The largest travel and tourism event in the region, Arabian Travel Market, opened Monday at the Dubai International Convention and Exhibition Centre with more than 2,500 exhibitors and 70 national and regional pavilions. The 22nd edition of ATM puts a spotlight on family show and introduces a new Travel Tech Show and only on its first day, an array of new hospitality projects was revealed.
This year, ATM is even bigger and better. Running through Thursday, it comes with more exhibition floor space, more pavilions, and new launches for the expected 23,000 visitors. Of course, major companies used the event to announce their upcoming plans and to bring updates on hotels and amusement parks already in development. In fact, the first day of ATM was quite fruitful, when it comes to new project announcements. Moreover, each and every project revealed was in the high-end segment of the sector – luxury hotels with 5-star ratings, fancy restaurants,
The 700-room mixed-use Viceroy Hotel on The Palm, which is set to open in 2016, is now in its last phase when the bridge between its two sides is to be built. The 170-key net zero energy Hotel Indigo, which is now under construction in Dubai’s Sustainable City will open in 2017. Besides being environmentally-friendly, as 100% of its power will come from solar panels, the hotel will also be ultra modern and expensive. Rixos Hotels said their second Dubai project will include hotel space, residential apartments, and plenty of dining outlets once it opens next year. Although the group admitted that the market for luxury hospitality in the city is “substantially oversaturated”, they are still working on an unconventional and innovative 5-star hotel.
Burj Al Arab’s Jumeirah Group revealed the name of its new hotel at the Madinat Jumeirah – Jumeirah Al Naseem. The luxurious 430-room property is expected to open in 2016. Another hotel to open next year in Dubai is the second project by Four Seasons Hotels and Resorts, which will be located in the Gate Village area in Dubai International Financial Centre and will have less than 100 rooms.
However, along with the luxury hospitality projects, there was also an announcement for a more affordable resort. Developer Nakheel in partnership with the Spanish RIU Hotels & Resorts will build an all-inclusive beach resort at the massive 15,3-square-km Deira Islands. The 4-star waterfront development will feature 750 rooms and will cater to families who prefer pre-paid holiday packages rather than luxury and business-focused hotels.
All these projects are actually just a tiny part of what is planned for the next four or five years in Dubai. In 2012, the number of hotel rooms in the emirate stood at around 80,000, with occupancy rates around 80%, which is considerably higher than the regional average of 64% and 56% in Europe. According to the Dubai Tourism and Commerce Marketing, the city will need to increase the number of beds to 160,000 in order to be able to accommodate the 20 million tourists it aims to attract annually by 2020. The goal for that year, when the city is hosting the World Expo, is 25 million visitors. To many, this sounds quite ambitious, but the numbers are actually quite realistic, considering that each year, Dubai attracts over a million tourists more than the previous year. The growth in the travel and hospitality sectors is rapid, but will it be enough?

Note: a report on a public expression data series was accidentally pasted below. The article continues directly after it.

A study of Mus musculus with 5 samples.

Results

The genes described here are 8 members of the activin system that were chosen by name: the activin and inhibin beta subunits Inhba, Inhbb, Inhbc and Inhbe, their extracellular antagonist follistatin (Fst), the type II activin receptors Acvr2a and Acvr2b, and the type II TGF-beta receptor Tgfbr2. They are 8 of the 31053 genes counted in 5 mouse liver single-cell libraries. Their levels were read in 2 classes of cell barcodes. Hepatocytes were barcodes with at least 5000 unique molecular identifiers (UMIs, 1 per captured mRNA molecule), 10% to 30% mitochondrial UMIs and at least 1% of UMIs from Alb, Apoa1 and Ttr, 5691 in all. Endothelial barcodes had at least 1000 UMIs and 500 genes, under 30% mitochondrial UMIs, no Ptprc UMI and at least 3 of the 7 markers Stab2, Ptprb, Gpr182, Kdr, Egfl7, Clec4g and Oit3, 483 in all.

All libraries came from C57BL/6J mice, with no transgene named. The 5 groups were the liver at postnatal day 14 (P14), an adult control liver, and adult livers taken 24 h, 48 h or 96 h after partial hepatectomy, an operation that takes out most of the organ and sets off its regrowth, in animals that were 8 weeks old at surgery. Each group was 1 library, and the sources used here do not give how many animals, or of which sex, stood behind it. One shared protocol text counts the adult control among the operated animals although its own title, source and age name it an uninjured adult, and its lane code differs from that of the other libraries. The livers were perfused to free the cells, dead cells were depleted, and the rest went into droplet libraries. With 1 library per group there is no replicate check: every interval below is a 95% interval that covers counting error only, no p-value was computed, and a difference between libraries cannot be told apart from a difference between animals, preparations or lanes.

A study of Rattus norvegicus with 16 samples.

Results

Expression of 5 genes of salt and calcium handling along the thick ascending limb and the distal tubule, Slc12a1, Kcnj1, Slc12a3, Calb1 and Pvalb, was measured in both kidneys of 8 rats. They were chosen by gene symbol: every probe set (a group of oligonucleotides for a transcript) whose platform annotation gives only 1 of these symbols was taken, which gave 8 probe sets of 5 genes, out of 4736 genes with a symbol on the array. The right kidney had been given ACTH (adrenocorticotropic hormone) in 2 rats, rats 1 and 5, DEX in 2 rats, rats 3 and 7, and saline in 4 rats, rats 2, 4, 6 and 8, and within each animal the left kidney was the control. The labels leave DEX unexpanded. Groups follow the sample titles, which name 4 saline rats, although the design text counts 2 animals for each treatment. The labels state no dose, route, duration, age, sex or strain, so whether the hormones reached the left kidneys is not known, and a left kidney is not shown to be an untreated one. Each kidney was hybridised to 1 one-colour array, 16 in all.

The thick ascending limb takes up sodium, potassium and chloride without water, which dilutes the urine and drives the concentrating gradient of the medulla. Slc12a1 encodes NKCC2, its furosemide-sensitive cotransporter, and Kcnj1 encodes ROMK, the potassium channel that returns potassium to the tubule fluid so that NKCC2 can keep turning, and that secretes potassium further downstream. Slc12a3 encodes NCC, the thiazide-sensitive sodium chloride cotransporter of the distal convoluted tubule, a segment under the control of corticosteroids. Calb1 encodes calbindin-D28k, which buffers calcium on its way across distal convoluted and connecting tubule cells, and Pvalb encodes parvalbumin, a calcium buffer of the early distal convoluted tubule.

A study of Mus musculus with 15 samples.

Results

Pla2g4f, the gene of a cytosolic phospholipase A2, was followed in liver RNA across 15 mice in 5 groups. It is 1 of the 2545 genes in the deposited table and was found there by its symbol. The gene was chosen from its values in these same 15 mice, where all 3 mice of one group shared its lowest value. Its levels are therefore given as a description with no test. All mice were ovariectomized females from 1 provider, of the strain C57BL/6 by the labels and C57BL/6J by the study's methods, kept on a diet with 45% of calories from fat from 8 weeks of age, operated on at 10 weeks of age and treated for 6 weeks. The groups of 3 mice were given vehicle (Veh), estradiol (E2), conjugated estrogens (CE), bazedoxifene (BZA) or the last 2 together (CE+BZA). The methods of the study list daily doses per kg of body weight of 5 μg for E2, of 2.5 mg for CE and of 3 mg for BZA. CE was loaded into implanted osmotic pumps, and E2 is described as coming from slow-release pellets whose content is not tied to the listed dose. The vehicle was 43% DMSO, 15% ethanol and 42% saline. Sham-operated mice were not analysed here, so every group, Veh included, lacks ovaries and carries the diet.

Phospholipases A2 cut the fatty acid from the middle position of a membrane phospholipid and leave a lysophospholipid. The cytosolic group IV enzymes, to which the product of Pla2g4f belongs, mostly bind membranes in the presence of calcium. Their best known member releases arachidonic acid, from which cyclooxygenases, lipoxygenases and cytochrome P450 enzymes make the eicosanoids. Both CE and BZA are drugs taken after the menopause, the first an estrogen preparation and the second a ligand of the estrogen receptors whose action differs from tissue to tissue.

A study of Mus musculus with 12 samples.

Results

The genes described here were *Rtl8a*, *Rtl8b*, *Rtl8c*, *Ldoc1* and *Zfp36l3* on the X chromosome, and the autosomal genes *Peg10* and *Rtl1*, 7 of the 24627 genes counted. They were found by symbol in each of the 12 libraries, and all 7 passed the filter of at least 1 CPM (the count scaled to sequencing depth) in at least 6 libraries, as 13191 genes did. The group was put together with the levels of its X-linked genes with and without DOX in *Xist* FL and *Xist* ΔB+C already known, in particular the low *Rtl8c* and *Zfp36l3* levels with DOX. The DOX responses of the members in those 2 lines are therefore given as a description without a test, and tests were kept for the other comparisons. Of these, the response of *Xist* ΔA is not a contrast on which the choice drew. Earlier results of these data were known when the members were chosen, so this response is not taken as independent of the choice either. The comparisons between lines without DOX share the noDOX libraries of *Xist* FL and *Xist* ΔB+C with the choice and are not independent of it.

Some analysts point out that Dubai’s new hotel boom is far from sustainable. The problem is not in the number of rooms, but rather in the prevalent hotel category. Developers here obviously prefer 4- and 5-star hotels and resorts, which has created a unique international image for Dubai. But in reality, it’s not all glitz and glamour. Most people across the world – logically, most tourists, as well – are not millionaires. They are looking for affordable holiday packages, flight deals, all-inclusive resorts, and cheaper hotels. It’s true that Dubai is one the rich’s favourite leisure destinations, but it doesn’t mean each year 20,000 rich people will choose the emirate’s beaches. They most likely won’t.
And it’s probably reasonable to ask – why Asian or American tourists would choose Dubai as their shopping destination, when the Euro is now cheaper? Holidays in top European destinations turn out to be more affordable, not to mention popular destinations across Southeast Asia and emerging spots in China and South America. In order to attract more visitors, Dubai will need to offer not only glamorous shopping malls and huge theme parks. It will need to provide more affordable accommodation for families and average-income travelers, who would otherwise love to see Dubai for the first time. And just a word to local developers: 4-star hotels and resorts are by no means affordable.